HCAHPS Scores: Mind the Gap Between the Survey and the Answers
August 8, 2014
In thinking about the history of regulatory accountability, HCAHPS has no precedent. As a measurement tool, it has many gaps, including a gap between intention and outcomes and a gap between the culture of the hospital and the culture of the patient.
There are also gaps between what the HCAHPS questions ask, what they really want to know, and what patients answer. The biggest gap, though, is between the survey and the interpretation of the answers.
In a recent newsletter, patient experience expert Wendy Leebov, Ed.D., shares a conversation with her sister about her recent hospitalization:
I ask her, “How are people on the care team treating you?” And she says, “Fine, I guess.” I ask her to elaborate. What does, “Fine, I guess” mean? And she says, “Every time I go home, I get these surveys, and they ask me how often people do different things. And I give good scores, because people do those things often. But I feel so alone—anonymous, and no one seems to get what I’m going through. And they don’t ask about that on the surveys.”
Dr. Leebov goes on to describe the same gap that I am describing here. In fact, she talks about HCAHPS scores going up and patient experiences not only not improving, but the persistant problems are invisible to the organization and caregivers.
Some compare HCAHPS to patient satisfaction surveys, but those are informational and if there are any consequences for low scores, they are internal to the organization. HCAHPS scores, on the other hand, are part of a national effort in the U.S. for transparency and public awareness of the performance of healthcare organizations beyond mortality.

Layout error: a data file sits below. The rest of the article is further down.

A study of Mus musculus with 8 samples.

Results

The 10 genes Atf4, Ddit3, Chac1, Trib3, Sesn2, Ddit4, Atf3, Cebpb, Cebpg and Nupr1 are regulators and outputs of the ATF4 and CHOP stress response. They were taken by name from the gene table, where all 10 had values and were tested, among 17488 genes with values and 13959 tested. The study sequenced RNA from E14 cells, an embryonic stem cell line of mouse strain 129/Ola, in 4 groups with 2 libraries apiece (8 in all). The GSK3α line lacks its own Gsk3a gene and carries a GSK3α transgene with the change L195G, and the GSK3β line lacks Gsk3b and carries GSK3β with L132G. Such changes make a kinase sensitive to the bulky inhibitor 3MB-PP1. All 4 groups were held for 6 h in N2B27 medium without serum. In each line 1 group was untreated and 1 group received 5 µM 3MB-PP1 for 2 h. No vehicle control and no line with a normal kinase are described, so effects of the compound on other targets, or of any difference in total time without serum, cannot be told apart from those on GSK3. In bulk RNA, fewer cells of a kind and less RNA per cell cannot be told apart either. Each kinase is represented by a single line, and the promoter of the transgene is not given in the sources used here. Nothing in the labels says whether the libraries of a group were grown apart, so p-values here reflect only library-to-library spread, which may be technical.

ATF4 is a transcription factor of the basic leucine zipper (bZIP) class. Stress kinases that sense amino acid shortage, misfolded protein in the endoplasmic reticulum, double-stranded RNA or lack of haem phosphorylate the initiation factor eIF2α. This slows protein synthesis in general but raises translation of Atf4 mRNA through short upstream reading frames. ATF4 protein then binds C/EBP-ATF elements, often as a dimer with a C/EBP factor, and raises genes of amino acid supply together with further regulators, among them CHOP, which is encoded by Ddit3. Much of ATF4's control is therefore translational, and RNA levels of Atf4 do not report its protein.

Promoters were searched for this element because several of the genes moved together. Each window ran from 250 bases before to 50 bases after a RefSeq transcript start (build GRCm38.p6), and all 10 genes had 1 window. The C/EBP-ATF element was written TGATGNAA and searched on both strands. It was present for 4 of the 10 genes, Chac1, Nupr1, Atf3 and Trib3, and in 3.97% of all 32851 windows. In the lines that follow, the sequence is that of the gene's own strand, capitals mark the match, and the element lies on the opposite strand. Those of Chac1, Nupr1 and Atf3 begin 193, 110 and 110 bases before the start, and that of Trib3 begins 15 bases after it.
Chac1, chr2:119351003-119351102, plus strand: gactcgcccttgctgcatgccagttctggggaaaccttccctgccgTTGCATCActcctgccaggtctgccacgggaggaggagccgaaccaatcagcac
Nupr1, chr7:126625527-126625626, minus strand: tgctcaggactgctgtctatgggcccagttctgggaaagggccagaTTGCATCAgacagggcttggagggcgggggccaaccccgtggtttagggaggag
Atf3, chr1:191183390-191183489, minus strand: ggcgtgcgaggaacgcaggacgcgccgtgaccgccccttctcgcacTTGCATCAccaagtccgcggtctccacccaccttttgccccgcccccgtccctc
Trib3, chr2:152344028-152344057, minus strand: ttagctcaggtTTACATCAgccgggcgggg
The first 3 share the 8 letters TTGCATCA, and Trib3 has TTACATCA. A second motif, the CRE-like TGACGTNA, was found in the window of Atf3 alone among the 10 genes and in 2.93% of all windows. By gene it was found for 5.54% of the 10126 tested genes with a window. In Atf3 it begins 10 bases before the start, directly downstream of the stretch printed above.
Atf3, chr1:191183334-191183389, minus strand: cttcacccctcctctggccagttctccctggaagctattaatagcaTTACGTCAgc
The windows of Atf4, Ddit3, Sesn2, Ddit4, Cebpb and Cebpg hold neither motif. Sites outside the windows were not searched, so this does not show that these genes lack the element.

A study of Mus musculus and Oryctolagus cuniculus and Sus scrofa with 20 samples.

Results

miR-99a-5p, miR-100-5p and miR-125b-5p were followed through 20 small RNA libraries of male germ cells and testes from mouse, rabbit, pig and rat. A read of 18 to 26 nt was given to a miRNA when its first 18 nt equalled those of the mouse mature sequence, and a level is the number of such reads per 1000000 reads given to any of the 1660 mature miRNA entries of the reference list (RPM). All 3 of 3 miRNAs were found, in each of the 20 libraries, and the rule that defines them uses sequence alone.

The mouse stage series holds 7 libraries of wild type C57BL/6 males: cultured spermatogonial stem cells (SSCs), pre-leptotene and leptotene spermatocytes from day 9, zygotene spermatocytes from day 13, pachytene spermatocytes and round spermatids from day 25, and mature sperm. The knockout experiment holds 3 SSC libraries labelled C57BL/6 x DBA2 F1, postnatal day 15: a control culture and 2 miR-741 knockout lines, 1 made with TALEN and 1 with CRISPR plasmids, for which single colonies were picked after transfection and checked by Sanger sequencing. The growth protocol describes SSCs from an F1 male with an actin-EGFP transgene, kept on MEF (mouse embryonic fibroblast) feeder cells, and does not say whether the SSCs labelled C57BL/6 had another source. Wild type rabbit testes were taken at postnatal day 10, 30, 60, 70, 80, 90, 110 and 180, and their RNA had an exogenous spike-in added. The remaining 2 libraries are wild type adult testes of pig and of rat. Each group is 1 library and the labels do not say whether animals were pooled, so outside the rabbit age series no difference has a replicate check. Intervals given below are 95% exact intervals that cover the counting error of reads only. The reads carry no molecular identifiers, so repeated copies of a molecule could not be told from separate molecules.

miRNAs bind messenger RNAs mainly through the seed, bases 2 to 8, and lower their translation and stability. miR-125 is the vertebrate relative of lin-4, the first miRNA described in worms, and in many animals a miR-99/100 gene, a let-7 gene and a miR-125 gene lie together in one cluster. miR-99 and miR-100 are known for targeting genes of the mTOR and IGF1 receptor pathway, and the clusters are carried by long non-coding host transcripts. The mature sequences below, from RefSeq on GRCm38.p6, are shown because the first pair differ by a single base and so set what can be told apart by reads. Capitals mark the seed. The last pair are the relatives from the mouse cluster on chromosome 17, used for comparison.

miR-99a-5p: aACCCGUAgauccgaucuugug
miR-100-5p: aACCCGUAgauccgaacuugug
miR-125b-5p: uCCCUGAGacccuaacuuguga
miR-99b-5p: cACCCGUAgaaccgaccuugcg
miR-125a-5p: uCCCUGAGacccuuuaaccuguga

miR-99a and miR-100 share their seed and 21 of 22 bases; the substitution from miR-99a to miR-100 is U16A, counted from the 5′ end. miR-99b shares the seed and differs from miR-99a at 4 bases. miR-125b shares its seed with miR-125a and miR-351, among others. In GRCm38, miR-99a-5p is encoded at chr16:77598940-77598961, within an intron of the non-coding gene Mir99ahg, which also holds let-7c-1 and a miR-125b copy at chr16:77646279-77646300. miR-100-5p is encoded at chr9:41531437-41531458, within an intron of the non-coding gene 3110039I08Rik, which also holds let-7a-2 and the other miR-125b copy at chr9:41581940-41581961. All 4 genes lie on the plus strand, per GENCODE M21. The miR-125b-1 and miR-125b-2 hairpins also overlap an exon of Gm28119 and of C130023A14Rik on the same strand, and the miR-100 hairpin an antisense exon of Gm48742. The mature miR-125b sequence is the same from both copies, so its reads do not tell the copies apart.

It places the power of grading in the voice and hands of patients.
I have been critical of the questions included in the now 31-question survey because none of the questions inform actionable strategies that are clearly related to the patient responses. We just do not know what would generate an answer — except the obvious.
But the obvious still may not be the whole story.
So, how do we evaluate the quality of the patient experience, the family experience, and the staff experience? We could set the experience up as being blatantly evidenced by a series of symptoms. For example:
- Family members walk to nurses’ station with concerns more than twice an hour
- Patient pushes call button 4-20 times a day
- Patient is agitated upon the nurse entering the room
- Physician complains that the patient and family members are difficult to deal with
- Patient demands to see the physician
But what if this was the scenario:
- Family member delivers box of candy to nurses’ station and thanks the nurses regularly
- Patient is relatively quiet and is not in need of anything relative to his or her care
- Patient is happy to see the nurse and thanks nurse when entering and leaving the room.
- Physician is in good mood and finds patient and family members to be engaged and active in understanding the patient’s condition
- Family members, regardless of the seriousness of the patient’s condition, treat the staff with deference to the complexity of the task of caring and gratitude for doing what they can
I suggest you make your own list of symptoms of a good vs. a bad experience.
Then, look at your HCAHPS scores. Is there a mismatch? Does it matter if the HCAHPS questions do not address what you identified?
There clearly is a correlation between the actual lived patient experience and your honest observation and HCAHPS, even if there is no direct question. This is because the patient experience is a whole and complex experience that can hardly be detailed in 31 multiple-choice questions.
Taking responsibility for what you observe and do is much more critical than “teaching to the test.”
The answers are in front of us every day, in every way, with every patient, with every interaction. If your HCAHPS scores do not match your patients’ experiences, find out why.